At this time, 12 of our 27 measures are suggesting continued growth, while 6 are pointing to a recession and 9 are providing mixed signals. This represents an improvement from our September scorecard when 10 measures were pointing to growth and 8 were pointing toward a recession. The improvements have mostly come from the financial sector. 10-year Treasury rates have recently been rising, causing the yield curve to steepen somewhat. The stock and housing markets have also done well of late. However, new weaknesses were found in the third-quarter slowdown in consumer spending and the surprising drop in labor productivity, the first such decline since 2015. Click here for pdf version:RCF Recession Scorecard December 2019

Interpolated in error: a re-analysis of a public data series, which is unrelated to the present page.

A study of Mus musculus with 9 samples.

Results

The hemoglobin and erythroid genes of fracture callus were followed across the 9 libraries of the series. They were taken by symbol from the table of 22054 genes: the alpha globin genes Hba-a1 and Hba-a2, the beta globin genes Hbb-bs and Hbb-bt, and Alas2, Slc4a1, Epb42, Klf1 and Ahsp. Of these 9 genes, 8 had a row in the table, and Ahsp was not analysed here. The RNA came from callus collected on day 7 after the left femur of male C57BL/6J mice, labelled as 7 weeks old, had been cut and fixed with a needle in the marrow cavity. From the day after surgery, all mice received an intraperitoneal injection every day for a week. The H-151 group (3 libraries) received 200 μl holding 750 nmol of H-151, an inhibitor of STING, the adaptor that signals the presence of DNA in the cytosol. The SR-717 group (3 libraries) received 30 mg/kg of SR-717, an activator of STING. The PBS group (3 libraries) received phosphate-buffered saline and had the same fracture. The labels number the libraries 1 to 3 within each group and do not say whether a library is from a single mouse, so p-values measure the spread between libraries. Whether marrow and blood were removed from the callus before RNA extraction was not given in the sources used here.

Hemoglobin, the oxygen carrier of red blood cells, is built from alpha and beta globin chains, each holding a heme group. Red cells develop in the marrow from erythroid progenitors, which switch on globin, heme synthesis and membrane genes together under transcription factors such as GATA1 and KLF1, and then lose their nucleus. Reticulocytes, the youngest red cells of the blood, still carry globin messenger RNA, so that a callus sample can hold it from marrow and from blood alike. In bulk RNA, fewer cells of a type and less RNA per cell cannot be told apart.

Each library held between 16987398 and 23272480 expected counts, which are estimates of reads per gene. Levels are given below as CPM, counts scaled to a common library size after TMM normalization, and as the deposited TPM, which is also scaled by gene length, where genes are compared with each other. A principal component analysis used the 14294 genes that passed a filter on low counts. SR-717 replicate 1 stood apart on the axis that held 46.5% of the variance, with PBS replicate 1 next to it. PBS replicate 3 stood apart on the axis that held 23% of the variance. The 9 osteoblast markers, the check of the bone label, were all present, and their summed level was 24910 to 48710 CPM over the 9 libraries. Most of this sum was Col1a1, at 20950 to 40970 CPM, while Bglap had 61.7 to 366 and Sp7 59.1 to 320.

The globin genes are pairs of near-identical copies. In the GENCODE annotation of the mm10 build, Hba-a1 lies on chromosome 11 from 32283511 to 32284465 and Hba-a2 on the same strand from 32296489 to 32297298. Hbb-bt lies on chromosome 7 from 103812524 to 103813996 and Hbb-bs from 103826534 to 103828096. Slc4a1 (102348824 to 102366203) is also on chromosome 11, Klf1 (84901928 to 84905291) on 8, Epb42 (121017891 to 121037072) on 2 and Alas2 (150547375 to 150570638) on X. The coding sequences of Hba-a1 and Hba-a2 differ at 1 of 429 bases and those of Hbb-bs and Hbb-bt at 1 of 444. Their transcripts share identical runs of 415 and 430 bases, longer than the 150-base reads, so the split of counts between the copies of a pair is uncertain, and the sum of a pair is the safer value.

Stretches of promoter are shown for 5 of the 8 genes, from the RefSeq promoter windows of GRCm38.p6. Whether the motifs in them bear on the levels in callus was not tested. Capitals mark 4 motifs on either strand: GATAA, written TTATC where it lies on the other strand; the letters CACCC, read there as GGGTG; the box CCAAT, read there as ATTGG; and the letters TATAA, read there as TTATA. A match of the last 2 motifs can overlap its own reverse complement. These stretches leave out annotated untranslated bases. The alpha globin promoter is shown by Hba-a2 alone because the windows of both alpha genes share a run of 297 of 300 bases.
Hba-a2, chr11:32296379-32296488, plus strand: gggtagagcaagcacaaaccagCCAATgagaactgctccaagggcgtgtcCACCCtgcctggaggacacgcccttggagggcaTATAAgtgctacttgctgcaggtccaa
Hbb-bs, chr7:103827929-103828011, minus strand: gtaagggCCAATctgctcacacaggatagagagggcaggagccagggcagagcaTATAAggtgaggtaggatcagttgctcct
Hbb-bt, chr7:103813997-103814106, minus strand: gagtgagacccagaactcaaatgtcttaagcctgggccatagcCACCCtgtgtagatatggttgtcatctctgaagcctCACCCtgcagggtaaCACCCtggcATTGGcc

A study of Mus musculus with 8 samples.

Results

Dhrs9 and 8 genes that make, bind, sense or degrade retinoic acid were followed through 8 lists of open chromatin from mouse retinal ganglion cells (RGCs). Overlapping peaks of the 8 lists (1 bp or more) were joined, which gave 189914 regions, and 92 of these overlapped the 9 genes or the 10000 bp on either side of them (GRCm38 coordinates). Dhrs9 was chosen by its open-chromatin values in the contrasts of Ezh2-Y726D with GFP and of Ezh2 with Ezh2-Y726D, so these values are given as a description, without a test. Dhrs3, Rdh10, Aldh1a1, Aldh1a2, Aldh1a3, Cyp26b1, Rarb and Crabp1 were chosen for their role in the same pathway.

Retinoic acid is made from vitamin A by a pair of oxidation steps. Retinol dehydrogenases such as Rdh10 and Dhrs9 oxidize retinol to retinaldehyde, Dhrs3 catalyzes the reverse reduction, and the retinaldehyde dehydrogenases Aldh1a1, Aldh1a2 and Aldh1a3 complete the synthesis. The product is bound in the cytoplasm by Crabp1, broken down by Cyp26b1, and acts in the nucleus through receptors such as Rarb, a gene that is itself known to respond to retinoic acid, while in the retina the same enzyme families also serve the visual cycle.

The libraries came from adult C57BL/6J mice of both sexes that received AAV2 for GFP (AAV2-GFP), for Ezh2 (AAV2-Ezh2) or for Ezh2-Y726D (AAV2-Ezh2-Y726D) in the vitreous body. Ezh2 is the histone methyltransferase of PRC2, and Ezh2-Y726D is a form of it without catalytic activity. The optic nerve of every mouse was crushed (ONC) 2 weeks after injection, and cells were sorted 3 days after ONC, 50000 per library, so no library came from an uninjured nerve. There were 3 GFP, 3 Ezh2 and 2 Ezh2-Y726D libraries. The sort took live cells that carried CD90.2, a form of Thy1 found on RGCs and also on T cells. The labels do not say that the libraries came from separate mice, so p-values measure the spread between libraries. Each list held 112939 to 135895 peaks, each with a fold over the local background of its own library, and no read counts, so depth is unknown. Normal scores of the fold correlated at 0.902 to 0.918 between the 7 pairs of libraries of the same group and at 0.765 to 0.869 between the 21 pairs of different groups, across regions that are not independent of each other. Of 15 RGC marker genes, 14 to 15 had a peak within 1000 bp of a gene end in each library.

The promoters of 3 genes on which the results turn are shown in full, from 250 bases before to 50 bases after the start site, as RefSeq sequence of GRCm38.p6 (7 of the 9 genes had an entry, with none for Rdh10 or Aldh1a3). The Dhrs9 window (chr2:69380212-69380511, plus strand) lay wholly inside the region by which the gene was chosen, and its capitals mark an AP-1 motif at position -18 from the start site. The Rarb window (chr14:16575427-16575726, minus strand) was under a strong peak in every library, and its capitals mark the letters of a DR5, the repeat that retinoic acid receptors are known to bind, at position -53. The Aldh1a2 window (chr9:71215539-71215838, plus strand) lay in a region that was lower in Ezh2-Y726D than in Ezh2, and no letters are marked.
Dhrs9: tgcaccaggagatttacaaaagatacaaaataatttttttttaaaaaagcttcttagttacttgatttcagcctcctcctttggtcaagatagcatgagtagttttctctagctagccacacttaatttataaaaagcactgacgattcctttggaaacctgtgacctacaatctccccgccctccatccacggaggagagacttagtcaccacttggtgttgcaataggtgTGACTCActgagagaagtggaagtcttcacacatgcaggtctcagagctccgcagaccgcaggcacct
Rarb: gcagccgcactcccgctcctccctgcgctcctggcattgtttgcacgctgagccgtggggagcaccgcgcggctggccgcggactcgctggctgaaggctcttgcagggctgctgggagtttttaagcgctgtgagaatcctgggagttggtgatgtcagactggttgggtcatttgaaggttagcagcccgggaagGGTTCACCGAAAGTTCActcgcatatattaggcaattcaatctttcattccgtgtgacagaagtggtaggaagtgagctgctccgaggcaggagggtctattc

Nevertheless, the job market continues to be free of recession indicators. Payroll employment continues to rise and unemployment claims remain low, as does the unemployment rate. Of some concern is that real GDP growth has slowed to about a 2.0% annual rate over the past two quarters despite boosts from fiscal policy (near $1 trillion deficit) and monetary policy (3 quarter-point rate cuts in the past 4 months).
And here is an interesting statistic. In 2019, we saw a widening budget deficit and cuts to the Fed funds rate. This combination has occurred three other times in the past 30 years (1990 – 1992, 2001 – 2003, and 2008 – 2009). Each of those three previous periods occurred during recessions. So while the economy continues to avert a downtown, fiscal and monetary policies are in recessionary modes.
For more information, contact Mr. Peter Bernstein, RCF Vice President, at 312-431-1540 ext. 1515, email@example.com.